Digital skills training from local authorities and charities, and a bold new “technology design agenda” are needed to give people with sensory impairments the full benefits of digital services and products, a new study has claimed.

Conducted by Swansea University in partnership with RNIB Cymru (the Welsh chapter of the Royal National Institute of Blind People), the research looked at digital media usage by sensory impaired users in Wales, based on questionnaire responses from 396 RNIB Cymru members. Respondents were of a variety of age ranges (73% were over 65-years-old) and recorded themselves as possessing a range of visual and hearing impairments.


The Orbit Reader 20 refreshable Braille device has been released in the UK, aiming to transform the current market by offering the technology to blind and visually impaired people at a low cost.

The device features 20 refreshable eight-dot Braille cells and can connect to Apple, Windows, Android and Kindle devices. Books and other texts (such as sheet music or magazines) in any language can be read from an SD card (the device also comes with a range of books and a dictionary pre-installed on an SD card). The Reader also offers basic note-taking, USB and Bluetooth connectivity, and is compatible with widely used screen-readers, including Jaws, NVDA and VoiceOver.


A free mobile app to help improve train travel around the UK for passengers with disabilities is being tested by four rail companies, with other operators set to begin trials before a national roll-out.

The Passenger Assist app aims to overhaul the assistance booking process, solving problems faced by some passengers that use the system. Currently, passengers can request assistance online or over the phone before travelling. Types of assistance could include requesting help in boarding a train or moving around the station due to a visual or mobility impairment, requesting assistance with luggage, or booking a wheelchair ramp or on-board wheelchair area.


A consumer reviews website for people with disabilities and older people has put a call-out for users to give their opinions on all kinds of devices and products, helping inform other consumers before they buy.

The ‘Rate it!’ site features reviews of a wide range of products that can assist people with disabilities and older people.


It’s easy to take technology for granted. New devices and apps are being designed and built faster than most people’s appetite and understanding can keep up with, particularly in the rapidly evolving world of assistive tech (AT).

Despite this, there are surprisingly few resources available to help people navigate the sometimes-overwhelming world of AT. Vital Tech, a newly launched online platform, aims to change this by helping blind and visually impaired people get the most out of a range of assistive technologies.


A series of audio-based videogames that can be played without sight will be created during a ten-day ‘Audiogame Jam’ in October, to raise funds for the Royal National Institute of Blind People (RNIB) and spread awareness of the barriers faced by blind and visually impaired gamers.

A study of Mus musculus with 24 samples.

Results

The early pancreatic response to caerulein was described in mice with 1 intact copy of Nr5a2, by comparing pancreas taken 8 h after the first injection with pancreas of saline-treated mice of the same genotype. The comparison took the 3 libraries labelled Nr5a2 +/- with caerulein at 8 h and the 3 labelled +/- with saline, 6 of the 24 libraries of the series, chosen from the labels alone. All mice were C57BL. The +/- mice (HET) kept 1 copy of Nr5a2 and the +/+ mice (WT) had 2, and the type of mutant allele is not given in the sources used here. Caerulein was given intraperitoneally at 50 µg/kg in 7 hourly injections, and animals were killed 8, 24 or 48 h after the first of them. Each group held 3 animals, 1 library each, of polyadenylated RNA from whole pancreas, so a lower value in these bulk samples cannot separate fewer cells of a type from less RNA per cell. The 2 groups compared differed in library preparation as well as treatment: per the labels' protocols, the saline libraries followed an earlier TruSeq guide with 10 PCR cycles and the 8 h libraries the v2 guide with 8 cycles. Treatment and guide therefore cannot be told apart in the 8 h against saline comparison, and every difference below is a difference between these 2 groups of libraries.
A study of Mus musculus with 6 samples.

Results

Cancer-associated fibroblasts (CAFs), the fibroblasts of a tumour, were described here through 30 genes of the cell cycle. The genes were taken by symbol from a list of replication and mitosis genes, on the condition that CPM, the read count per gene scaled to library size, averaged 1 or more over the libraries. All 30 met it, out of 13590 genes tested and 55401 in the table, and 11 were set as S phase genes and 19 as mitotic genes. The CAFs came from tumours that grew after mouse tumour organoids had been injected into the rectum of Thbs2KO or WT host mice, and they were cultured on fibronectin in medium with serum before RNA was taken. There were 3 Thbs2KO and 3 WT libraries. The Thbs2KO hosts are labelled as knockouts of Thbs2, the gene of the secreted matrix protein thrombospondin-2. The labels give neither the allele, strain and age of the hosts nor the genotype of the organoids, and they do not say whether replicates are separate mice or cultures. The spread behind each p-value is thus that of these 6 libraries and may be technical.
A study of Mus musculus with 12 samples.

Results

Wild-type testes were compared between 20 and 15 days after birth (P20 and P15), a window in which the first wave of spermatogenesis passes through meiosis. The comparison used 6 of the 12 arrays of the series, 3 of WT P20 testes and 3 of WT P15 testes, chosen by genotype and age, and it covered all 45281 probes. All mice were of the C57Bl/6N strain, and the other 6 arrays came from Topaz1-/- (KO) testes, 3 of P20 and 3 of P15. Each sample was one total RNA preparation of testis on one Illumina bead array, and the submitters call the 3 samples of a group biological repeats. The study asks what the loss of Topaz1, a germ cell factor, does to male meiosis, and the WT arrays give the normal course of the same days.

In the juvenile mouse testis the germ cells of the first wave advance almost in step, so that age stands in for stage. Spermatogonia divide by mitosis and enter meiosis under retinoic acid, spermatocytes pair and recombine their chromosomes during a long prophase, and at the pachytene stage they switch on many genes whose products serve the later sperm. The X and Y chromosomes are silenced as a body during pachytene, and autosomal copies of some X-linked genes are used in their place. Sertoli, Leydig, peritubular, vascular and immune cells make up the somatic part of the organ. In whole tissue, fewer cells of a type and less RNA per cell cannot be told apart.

Game developers from around the world will take part in the event by developing and building accessible games during the ten-day period – October 12-28 – and uploading them to the Audiogame Jam website before the deadline. After the event, all games submitted are available for anyone to play for free.


Museums are inadvertently contributing to a “disability engagement gap” by not publishing accessibility information on their websites needed by millions of potential visitors, a new report has found.

The State of Museum Access 2018 report found that people with disabilities are less likely to visit a museum if it does not provide this information on its website. Published by VocalEyes (a charity working to increase arts access for blind and visually impaired people), the report recorded whether access information was available on the websites of the 1718 accredited UK museums.


Making digital resources in further and higher education more accessible – in order to comply with new regulations – can improve disabled students’ learning experience and help get more disabled people into work, according to a new report.

‘Accessible Virtual Learning Environments’ was published by the All-Party Parliamentary Group for Assistive Technology (APPGAT) and cross-party think-tank Policy Connect, and written by Robert McLaren, Head of Industry, Technology and Innovation at Policy Connect. It sets out a series of recommendations on how institutions can make their digital content more accessible for students, particularly those with a disability.


A lawsuit has been filed against electronics giant Apple in the United States, over claims that its website violates the Americans with Disabilities Act (ADA) and is not fully accessible to people who are blind or visually impaired.

The action has been taken by Himelda Mendez, described as “visually-impaired and legally blind” in the complaint document. Mendez is filing the lawsuit on behalf of both herself and “others similarly situated”, according to the complaint text.

In the complaint, Mendez is described as a “proficient JAWS screen-reader user,” but has encountered “multiple access barriers” when visiting Apple.com that denied her the same level of access to the goods and services offered by the company as sighted users.


Autonomous vehicles, digital wayfinding systems and other technologies will play a key role in making transport more accessible for people with disabilities, according to plans in the UK Government’s Inclusive Transport Strategy.

Produced by the Department for Transport (DfT), the strategy sets out the Government’s goal to create an equal access transport system by 2030. Responses to a public consultation in 2017 on a draft ‘Accessibility Action Plan’ were used to help develop the strategy.